How to determine the best window type

April 09, 2018

The amount of light coming through a building’s windows determines not only the relative brightness of the interior, but also generates heat. If the building has the wrong type of windows for its climate, more energy will be needed to provide air conditioning or heating to reach a comfortable indoor temperature.

Taking a holistic approach to the window selection can identify risk, enhance performance, optimize comfort, and provide savings. Performance modeling analysis is key to informing decision-making at the early stages of building design.

As an example, a building located in a northern climate may be designed with larger windows when facing south that allow more light, and thus heat, ultimately saving on heating costs. Conversely, a building in a warmer environment typically achieves better energy performance with smaller windows when facing east and west, different orientation, and more tinting and shading. Condensation on windows is a sign of a wrong window type.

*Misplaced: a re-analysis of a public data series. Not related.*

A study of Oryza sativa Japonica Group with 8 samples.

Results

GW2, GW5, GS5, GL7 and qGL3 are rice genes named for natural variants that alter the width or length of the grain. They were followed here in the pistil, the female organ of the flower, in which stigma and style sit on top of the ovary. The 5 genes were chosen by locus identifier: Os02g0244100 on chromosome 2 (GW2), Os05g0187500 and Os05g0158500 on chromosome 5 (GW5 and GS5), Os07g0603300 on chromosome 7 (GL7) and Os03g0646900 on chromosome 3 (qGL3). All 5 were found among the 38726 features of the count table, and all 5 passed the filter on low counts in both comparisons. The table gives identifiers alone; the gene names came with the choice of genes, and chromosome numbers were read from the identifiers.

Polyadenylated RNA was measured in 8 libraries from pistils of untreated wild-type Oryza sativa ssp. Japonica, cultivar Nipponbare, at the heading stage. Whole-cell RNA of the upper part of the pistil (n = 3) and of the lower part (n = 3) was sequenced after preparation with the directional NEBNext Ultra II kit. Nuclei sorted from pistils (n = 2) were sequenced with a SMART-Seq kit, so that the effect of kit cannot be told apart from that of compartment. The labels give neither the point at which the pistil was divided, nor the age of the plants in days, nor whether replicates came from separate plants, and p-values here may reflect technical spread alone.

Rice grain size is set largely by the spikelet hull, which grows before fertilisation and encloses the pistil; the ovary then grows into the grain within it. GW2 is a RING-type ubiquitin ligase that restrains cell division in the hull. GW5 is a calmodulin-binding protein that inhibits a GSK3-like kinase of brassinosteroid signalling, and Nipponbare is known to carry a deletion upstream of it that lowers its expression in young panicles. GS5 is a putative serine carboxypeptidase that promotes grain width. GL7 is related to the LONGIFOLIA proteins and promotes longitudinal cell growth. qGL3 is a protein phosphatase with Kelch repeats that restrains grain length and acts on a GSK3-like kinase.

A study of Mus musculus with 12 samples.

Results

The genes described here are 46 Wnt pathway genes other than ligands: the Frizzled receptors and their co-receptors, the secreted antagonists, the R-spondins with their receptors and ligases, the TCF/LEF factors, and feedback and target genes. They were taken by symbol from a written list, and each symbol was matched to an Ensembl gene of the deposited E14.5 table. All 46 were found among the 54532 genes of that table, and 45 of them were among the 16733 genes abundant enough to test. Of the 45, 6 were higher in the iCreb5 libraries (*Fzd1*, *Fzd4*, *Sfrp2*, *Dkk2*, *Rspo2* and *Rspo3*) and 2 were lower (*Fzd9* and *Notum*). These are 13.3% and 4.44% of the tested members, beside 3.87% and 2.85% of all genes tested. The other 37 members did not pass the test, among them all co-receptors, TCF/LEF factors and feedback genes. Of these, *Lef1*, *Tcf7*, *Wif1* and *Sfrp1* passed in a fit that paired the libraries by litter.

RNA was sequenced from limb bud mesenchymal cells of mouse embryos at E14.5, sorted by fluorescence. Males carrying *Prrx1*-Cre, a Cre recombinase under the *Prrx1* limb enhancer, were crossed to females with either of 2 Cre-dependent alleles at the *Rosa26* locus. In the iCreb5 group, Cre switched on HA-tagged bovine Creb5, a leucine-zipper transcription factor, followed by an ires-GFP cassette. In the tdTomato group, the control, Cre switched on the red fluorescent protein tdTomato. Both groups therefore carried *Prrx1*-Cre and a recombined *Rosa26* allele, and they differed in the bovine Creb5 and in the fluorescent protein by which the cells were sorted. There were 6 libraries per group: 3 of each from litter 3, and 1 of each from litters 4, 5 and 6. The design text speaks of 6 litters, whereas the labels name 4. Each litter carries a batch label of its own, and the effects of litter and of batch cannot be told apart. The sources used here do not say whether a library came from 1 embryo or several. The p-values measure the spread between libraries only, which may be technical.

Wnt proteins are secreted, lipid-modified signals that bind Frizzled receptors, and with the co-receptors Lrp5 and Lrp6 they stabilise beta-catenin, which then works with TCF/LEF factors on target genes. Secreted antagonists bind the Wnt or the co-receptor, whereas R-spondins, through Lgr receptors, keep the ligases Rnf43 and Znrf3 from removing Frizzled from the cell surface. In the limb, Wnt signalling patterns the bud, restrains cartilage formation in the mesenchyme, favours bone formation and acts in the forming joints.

When working with a client, Terracon’s facilities professionals consider location, window-to-wall ratio, solar heat gain coefficient (SHGC), orientation, placement and type (single clear, double clear, and double clear low-energy, double low-energy with shade and more). Exterior features such as an overhang or fins also have an impact on energy usage. Local code requirements that mandate specific materials are another key variable. Once all relevant data is compiled, advanced performance modeling software is used to simulate the impact on building façade performance.

Implementation of an energy-efficient glazing design strategy on the high-performance façade is one of the key factors to impact mechanical systems. Selection and integration of the appropriate energy efficient windows is key to maximizing the performance of a building’s façade.


Visual comfort

Thermal comfort

Building energy consumption

Building aesthetic

Condensation resistance

Joe Fong, AIA, NCARB, BPAC, LEED AP (BD+C), is a senior facilities architect with Terracon in Houston. He specializes in sustainable design practices, simulation modeling, and building enclosure assessment for K-12 schools, government buildings, institutions, medical facilities, office buildings, and aviation projects.